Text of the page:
Mary Suiter is an assistant vice president and the economic education officer at the Federal Reserve Bank of St. Louis.

You might think that investment is only about buying stocks and bonds, but let’s take a step back and consider investment a little differently.

April is Financial Literacy Month, so it’s a good time to consider investing in yourself.

Economists use the word “investment” to refer to spending on capital, which can be either physical capital, like tools and equipment, or human capital, like education and training. Investment in human capital can mean getting a degree or a diploma. But it also means apprenticeship as a carpenter or electrician or courses in writing computer code. You can think of human capital as the kinds of things you’d list on a résumé: professional development training, work experience, certifications, community and volunteer work, and more.

If a high school student compiling her résumé is captain of the basketball team, I would encourage her to include that experience because it shows leadership and the ability to work on a team: These are valued skills in today’s competitive work environment.

Why should you invest in yourself? For the same reasons that businesses invest in physical capital and individuals invest in financial assets — for a payoff of more income in the future. The median weekly earnings in 2016 for a professional degree holder were $1,745, compared to $1,156 for someone with a bachelor’s degree and $692 for a person whose highest degree is a high school diploma, according to the Bureau of Labor Statistics. And, skilled professions are well-paid; the median weekly income in 2016 was $838 for a carpenter and $1,013 for an electrician.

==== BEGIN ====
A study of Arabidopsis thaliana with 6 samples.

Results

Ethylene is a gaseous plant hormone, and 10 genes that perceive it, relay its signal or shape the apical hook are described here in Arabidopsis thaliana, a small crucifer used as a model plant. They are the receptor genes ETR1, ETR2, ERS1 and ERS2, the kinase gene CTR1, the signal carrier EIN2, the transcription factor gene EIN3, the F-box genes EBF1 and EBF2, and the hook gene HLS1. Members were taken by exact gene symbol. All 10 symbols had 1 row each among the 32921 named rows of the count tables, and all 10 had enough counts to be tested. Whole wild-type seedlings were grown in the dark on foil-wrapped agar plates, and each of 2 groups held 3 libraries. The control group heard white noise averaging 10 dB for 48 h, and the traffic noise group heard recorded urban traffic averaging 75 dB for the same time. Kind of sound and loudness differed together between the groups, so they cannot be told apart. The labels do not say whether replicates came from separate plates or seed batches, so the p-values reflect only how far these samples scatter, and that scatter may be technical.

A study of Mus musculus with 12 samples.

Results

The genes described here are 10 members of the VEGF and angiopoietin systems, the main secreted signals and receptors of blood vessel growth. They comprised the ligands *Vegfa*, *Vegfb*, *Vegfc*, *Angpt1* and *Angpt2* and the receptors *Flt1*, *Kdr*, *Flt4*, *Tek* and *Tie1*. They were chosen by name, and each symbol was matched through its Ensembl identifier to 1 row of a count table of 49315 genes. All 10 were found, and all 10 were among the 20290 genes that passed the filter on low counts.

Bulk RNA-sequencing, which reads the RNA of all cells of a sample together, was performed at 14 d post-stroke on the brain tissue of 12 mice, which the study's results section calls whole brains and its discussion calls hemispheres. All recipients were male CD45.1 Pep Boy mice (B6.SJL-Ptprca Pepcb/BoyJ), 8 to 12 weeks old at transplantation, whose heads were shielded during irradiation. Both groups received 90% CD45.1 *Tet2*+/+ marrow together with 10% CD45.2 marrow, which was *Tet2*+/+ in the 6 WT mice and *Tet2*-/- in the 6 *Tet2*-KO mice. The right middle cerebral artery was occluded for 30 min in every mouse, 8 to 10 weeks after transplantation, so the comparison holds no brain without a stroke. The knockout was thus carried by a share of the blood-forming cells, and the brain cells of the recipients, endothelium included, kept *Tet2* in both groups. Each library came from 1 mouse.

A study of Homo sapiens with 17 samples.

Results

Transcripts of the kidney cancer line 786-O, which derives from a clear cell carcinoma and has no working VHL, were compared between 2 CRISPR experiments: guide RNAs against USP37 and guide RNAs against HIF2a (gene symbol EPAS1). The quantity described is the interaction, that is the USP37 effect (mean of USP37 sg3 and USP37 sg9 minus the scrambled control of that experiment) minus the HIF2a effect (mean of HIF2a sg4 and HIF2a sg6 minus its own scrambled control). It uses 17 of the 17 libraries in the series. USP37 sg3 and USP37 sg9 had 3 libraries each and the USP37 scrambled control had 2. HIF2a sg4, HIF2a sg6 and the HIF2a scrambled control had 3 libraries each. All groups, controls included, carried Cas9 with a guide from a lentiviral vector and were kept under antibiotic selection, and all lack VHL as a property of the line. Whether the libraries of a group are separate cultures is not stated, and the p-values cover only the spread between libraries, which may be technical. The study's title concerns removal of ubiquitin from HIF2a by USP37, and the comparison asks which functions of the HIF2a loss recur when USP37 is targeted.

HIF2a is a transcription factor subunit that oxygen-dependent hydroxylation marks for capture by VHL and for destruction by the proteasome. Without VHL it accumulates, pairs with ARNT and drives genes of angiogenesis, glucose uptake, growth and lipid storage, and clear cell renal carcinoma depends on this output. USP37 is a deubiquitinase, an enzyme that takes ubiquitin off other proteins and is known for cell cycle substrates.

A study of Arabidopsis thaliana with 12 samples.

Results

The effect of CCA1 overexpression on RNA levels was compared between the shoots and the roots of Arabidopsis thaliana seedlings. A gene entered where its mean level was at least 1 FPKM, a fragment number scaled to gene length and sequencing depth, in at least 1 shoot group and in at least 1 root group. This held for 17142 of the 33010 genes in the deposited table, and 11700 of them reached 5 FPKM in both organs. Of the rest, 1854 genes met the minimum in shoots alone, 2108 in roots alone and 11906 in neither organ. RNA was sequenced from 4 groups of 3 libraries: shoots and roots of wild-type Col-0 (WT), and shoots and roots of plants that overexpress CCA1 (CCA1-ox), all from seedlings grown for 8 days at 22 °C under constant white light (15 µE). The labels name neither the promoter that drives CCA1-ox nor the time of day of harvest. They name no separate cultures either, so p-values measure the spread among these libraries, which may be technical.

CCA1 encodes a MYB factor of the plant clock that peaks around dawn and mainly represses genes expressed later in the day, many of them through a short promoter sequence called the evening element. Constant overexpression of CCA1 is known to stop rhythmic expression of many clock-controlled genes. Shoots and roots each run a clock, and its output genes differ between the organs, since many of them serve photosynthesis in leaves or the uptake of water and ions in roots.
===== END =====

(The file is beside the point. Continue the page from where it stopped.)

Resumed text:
So, it is true that education, skills and training pay. But it doesn’t do any good to earn more money if you let it slip away because you don’t know how to handle it. An important component of people’s education and training should be how to manage personal finances. And the benefits of investment in economic and financial education extend beyond individual income and wealth.

Economic knowledge is part of a person’s basic civic literacy. Being a thinking, voting and productive member of society requires an economic understanding of the world in which we live. The St. Louis Fed has tools to help people from preschool age to adults gain that understanding. We believe that better understanding of economic concepts and principles will result in better decision-making by consumers. That’s why we created tools to give people the information they need to make better financial decisions.

According to a 2018 study by WalletHub, St. Louis has room for improvement when it comes to money management, ranking 34th out of 63 large cities. In creating the ranking, the personal finance website analyzed 10 key indicators of money management, including credit score, average number of late payments and mortgage debt-to-income ratio.

The St. Louis Fed provides economic and financial literacy support by providing high-quality lessons, online modules, publications, podcasts, videos and other resources for people of all ages. Using them helps people increase their own human capital. Anyone who visits our award-winning Econ Lowdown program at can browse through more than 400 lessons, articles and other activities to learn more about economics and personal finance.

Financial literacy includes knowing that the most important investment you make is in yourself.

Mary Suiter is an assistant vice president and the economic education officer at the Federal Reserve Bank of St. Louis.